HOLLYWOOD (CBSMiami) – Another teenager charged in the heartless beating and gang rape of a 16-year old girl in Hollywood has been given bond.
Seventeen-year-old Dwight Henry faced a Judge Friday.READ MORE: As US Confirms First Omicron Case, CDC Works To Step Up Testing Requirements
Broward Circuit Judge Lisa Porter granted Henry bond while awaiting trial. His bond is set at 100,00 dollars. He along with two other teenagers involved in the case were granted bond, are not allowed to use the internet or have any contact with the victim. The three will have to be on lock down in their homes with a GPS monitoring device.
The traumatized victim had broken bones in her face and her eyes were swollen shut.
Late Thursday night, Porter ruled that the two girls,15-year old Patricia Montes and 16-year old Erica Avery will each be given a $100,000 bond, wear GPS ankle monitoring, and be confined to their homes while they await trial on the charges. Police say Montes and Avery held the girls legs down while two boys held her arms down and she was raped by a fifth teenager.
The judge also ordered the girls to have ‘no’ contact with the victim and barred them from using the internet.
“It’s depraved and disturbing,” Porter said after privately viewing a cell phone video which shows the two girls severely beating the victim.
It happened the night of November 1, 2013. Hollywood police said the victim went to a home on McKinley street and while there she was beaten and raped.READ MORE: Arrest Made In Miami-Dade In Connection With Murder Of Palm Beach Gardens Boy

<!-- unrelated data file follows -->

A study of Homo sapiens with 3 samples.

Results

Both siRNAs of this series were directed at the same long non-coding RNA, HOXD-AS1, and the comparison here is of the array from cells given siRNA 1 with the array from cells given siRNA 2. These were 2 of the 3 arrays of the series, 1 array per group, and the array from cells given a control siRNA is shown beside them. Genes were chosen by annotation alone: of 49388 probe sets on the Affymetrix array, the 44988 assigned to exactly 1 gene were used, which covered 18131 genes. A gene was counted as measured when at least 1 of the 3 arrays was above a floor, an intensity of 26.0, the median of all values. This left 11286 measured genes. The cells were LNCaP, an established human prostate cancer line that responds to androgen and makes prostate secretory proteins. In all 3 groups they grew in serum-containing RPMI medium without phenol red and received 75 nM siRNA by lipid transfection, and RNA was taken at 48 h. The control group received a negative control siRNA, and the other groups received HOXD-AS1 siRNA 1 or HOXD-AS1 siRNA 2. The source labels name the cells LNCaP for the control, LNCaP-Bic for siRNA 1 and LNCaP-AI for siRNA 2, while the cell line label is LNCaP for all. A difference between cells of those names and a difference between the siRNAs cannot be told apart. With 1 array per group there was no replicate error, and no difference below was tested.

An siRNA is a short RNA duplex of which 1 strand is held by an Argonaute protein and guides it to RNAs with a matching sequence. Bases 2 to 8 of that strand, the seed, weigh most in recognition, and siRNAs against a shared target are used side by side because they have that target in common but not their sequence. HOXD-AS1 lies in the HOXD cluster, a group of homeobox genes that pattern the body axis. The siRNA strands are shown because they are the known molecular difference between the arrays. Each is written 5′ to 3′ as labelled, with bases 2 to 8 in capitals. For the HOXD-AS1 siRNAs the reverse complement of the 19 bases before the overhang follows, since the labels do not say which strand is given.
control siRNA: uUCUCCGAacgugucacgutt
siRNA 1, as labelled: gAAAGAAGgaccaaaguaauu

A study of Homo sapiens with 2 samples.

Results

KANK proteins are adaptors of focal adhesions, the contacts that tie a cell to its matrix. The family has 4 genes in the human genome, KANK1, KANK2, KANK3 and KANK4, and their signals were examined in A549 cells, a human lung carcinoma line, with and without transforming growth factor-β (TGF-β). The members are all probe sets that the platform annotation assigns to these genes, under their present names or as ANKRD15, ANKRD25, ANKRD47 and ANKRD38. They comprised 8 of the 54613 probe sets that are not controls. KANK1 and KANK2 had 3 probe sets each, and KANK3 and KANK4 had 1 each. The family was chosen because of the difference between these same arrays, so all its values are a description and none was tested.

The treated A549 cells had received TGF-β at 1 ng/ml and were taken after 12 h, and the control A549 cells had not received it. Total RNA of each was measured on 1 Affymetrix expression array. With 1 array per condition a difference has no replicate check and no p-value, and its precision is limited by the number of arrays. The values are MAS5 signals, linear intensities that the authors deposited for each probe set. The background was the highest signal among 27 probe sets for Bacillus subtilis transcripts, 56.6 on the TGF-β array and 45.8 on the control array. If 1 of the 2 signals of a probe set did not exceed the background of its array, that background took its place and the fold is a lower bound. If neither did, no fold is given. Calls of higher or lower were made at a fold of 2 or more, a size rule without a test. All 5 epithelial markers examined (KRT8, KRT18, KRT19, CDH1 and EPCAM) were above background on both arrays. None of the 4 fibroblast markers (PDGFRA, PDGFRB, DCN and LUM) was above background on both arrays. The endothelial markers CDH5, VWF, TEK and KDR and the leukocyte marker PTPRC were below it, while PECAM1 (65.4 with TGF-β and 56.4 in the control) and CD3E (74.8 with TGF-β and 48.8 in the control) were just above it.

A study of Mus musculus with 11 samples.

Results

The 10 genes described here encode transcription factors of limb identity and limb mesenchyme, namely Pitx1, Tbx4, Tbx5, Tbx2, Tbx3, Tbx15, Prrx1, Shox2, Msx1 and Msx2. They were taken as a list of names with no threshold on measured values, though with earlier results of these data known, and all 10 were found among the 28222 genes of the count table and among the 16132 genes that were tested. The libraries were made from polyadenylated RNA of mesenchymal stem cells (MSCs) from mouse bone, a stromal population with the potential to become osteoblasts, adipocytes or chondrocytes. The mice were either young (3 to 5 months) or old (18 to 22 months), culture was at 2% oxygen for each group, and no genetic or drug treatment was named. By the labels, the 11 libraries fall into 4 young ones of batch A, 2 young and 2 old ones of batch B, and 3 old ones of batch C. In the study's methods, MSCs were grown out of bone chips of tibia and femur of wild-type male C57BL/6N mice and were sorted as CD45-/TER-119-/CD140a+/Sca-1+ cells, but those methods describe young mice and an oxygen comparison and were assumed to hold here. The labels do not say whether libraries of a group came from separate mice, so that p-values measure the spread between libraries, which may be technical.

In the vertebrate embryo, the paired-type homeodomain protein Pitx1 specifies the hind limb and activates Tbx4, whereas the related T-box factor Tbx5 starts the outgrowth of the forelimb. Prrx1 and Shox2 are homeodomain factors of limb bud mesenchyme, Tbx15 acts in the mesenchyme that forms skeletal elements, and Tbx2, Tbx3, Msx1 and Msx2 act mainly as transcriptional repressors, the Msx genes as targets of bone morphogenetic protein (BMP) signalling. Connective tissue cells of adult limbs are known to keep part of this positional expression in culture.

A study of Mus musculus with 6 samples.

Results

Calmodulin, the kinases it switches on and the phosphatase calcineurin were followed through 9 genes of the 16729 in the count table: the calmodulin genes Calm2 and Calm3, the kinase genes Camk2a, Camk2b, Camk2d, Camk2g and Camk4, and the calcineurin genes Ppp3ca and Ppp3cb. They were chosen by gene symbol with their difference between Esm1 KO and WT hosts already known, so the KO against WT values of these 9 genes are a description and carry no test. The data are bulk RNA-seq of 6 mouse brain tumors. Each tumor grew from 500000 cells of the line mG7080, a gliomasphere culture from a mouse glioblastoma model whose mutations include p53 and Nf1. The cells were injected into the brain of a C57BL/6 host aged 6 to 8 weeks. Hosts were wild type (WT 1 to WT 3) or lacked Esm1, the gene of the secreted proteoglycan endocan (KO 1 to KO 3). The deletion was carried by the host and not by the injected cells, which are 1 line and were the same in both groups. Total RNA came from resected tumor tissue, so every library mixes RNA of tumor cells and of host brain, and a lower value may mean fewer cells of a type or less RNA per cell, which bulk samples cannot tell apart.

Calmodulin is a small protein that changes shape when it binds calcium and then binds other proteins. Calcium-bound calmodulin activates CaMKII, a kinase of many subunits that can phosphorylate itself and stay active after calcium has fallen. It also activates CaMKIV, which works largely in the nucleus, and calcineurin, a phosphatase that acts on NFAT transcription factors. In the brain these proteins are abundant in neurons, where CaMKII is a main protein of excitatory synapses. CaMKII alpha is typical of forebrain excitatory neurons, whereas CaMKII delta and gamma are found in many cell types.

According to police, Montes and Avery 19-year old Jayvon Wolfork raped the girl. All five are charged as adults.
Because of their age, Montes, Avery, and Henry were granted a hearing on whether to be given bond. At the hearing late Thursday, the mothers of both girls testified on their behalf.
Laura Avery said her daughter had some misdemeanor petty theft arrests and trespassing but nothing serious.
“Any incidence of violence,” her attorney asked. “Never,” answered Avery.
Patricia Dalecky the mother of Patricia Montes said what happened is a total aberration. “I don’t where it came from. That’s not my little girl.”
While prosecutors had argued both girls should be kept incarcerated until trial, the judge said there weren’t enough grounds to keep them.
Hearing that they would be given bond but confined to their homes brought both girls to tears.MORE NEWS: Asian American Artists Celebrated During Art Basel: 'Through Hardships, We Could Look At Diversity And See It As Strength'
“I think the gravity is hitting her,” said Michael Weinstein the attorney for Erica Avery.